You can find the most recent iteration of our emerging analytical framework at the following link: FRAMEWORK – SEMINAR 2
The aim of this seminar series is to better understand how research partnerships between universities and international INGOs work and how they might be improved to ensure that the research produced is relevant, rigorous and responsive to the needs of its users and beneficiaries.
To address this aim, the seminar series takes as its starting point the role of ‘evidence’ in research partnerships and is guided by the following questions:
- where is evidence produced?
- who controls it?
- how is it valued and accessed?
- who defines what good evidence is?
- what are the implications for the types of methods, texts, technologies and tools used and skills valued in partnerships?
- what are the implications for how different partners get to participate in different ways and at different stages of the research process?
- could different types of participation in research partnerships lead to the production of different types of evidence?
There is already an ample body of research (produced by both academics and practitioners) which explores the interrelated issues of participation in partnerships for international development (e.g. Archer & Newman 2003, Burns et al 2011, Clarke and Oswald 2010, Holland 2013) and how different notions of evidence advanced by different stakeholder frame partnerships (e.g. Beardon and Newman 2011; Cornish & Gillespie, 2009; Cornish et al, under review; Eyben 2013; Newman 2011; Shutt 2011).
In order to integrate these two strands of thinking, we have started to explore the (opportunities for and constraints on) good participation in partnerships by focusing on the following levels:
- Institutions (assumptions, agendas, structures, processes)
- Research literacies (skills and communication practices required for effective co-production of research)
- Research artefacts (tools, techniques, technologies; texts to support the research process)
At the institutional level, studies have explored shifts in how knowledge is valued within and produced through INGOs (e.g. Beardon and Newman 2011; Newman 2011; Shutt 2011; Yanacopulos 2014, 2005) and also the changing notions of ‘evidence’, ‘impact’ and ‘knowledge transfer’ in HEIs (e.g. numerous posts on the LSE impact blog).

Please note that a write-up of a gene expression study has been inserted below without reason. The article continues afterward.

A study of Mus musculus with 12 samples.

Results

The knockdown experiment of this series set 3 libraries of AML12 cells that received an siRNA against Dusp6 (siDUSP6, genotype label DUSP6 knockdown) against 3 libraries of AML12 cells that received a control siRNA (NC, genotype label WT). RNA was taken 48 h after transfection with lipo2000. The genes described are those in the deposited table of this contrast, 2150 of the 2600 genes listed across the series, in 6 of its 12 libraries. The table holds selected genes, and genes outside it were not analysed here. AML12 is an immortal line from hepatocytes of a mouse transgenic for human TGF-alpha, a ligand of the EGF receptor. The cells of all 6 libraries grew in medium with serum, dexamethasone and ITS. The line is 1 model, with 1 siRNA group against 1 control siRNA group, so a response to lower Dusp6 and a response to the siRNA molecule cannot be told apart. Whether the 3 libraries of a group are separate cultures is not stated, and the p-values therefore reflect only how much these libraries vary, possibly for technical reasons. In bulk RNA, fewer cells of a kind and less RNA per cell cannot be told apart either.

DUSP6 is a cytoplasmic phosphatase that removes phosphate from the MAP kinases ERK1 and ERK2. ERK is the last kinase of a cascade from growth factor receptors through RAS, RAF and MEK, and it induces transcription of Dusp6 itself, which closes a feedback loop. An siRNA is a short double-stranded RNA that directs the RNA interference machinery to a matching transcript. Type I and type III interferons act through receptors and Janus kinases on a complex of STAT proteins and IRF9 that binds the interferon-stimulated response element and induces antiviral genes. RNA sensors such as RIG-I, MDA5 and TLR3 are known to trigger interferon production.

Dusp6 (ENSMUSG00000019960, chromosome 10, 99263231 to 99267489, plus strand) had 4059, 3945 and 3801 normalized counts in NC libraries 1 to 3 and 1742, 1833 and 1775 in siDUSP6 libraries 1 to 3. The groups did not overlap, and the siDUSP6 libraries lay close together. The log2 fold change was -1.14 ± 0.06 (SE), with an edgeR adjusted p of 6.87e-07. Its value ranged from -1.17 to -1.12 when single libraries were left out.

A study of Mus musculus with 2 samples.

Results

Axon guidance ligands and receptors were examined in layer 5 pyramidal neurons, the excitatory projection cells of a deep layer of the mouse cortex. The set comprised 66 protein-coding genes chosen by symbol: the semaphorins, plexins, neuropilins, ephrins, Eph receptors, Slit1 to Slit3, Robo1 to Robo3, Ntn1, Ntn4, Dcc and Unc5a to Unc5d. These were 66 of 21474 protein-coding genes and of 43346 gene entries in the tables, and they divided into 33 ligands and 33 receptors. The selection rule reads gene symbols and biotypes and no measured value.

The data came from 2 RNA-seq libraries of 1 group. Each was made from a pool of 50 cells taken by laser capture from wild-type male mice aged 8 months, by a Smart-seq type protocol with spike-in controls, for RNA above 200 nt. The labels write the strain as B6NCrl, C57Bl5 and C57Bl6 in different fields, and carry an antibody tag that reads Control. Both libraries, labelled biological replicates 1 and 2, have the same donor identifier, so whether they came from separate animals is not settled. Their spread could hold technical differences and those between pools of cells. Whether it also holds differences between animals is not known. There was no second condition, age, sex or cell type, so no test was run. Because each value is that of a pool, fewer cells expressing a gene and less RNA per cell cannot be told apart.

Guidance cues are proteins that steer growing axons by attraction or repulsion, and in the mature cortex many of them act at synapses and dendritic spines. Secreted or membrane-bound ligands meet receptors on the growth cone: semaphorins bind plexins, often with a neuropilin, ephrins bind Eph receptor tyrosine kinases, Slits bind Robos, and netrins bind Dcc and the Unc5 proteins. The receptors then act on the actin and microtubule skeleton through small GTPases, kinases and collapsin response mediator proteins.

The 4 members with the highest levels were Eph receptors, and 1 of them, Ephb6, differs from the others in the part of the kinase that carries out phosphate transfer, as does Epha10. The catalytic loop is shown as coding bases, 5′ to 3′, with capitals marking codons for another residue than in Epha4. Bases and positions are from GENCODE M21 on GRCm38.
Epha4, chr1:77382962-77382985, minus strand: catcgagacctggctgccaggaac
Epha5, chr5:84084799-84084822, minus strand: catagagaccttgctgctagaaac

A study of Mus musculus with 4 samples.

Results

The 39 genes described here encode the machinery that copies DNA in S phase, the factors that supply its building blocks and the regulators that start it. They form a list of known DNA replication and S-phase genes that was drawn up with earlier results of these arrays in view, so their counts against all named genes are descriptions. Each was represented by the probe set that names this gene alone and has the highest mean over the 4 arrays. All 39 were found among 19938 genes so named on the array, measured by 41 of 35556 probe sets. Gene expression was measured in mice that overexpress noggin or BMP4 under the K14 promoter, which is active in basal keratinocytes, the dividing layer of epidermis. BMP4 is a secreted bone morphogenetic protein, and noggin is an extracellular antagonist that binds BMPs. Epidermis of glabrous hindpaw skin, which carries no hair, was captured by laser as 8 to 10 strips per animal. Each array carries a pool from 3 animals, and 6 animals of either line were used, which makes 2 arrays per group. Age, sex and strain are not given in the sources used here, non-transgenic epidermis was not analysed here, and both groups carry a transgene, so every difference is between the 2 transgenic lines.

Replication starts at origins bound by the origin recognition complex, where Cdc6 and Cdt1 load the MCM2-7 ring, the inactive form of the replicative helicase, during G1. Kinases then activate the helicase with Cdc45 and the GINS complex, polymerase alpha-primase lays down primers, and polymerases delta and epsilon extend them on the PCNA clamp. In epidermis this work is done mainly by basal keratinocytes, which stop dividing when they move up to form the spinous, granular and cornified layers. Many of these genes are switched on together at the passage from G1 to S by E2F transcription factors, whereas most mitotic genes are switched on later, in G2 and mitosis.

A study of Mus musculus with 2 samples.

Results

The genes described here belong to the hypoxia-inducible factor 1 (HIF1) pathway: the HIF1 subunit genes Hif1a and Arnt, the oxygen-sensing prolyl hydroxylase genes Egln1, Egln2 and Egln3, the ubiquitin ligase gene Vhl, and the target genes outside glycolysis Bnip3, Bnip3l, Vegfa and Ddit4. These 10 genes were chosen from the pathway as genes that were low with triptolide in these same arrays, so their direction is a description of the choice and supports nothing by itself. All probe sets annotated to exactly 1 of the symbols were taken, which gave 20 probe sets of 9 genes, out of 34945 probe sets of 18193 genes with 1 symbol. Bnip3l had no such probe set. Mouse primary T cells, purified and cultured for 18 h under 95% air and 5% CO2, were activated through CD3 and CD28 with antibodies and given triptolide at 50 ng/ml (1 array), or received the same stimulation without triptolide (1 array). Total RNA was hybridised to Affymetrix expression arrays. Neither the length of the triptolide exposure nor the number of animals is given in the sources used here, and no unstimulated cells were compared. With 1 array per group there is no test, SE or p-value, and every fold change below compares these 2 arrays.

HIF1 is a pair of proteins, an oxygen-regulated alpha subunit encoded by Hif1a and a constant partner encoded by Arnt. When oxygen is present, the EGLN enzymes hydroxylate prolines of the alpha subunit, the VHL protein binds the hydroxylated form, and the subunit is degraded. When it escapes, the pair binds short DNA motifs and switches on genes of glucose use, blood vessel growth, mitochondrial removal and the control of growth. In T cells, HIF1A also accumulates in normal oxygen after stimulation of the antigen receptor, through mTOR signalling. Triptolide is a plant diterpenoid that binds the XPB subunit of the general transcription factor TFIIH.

At the level of research literacies, an emerging body of research is drawing on practitioner resources on participatory methods of communication (Archer & Newman 2003) and research in the field of academic literacies (Fransman 2013; Lea & Street 1998) to expore the new ‘evidence literacies’ required for collaborative research (e.g. Pettit et al 2009). Related studies have drawn attention to methodological plurality (Holland 2013) and the politics of power in research relationships (Burns et al 2011) and explored strategies for strengthening the capacities of a diversity of actors (Clarke and Oswald 2010).
And finally, at the level of the artefact, research on the ‘politics of method’ has interrogated the assumptions embedded in ‘evidence artefacts’ (Cornish & Gillespie, 2009; Cornish et al, under review; Eyben 2013) and more broadly, the influence of the social and material affordances of technologies and texts on the research process (Fransman 2012, 2013; Yanacopolus 2007).
Thinking across these three levels is just one way of understanding the politics of evidence and participation in research partnerships. A context-setting survey, which was distributed to a wider range of seminar participants, generated some other ways of organizing our analysis of research partnerships. You can find a summary of the themes we identified here. Participants have also been invited to submit their own ‘position-papers’/’think-pieces’/ideas/understandings which will soon be available here. We will also be keeping track of the emerging questions and frameworks, which arise from the seminars. And please feel free to add your own thoughts or questions in the comments section of this page.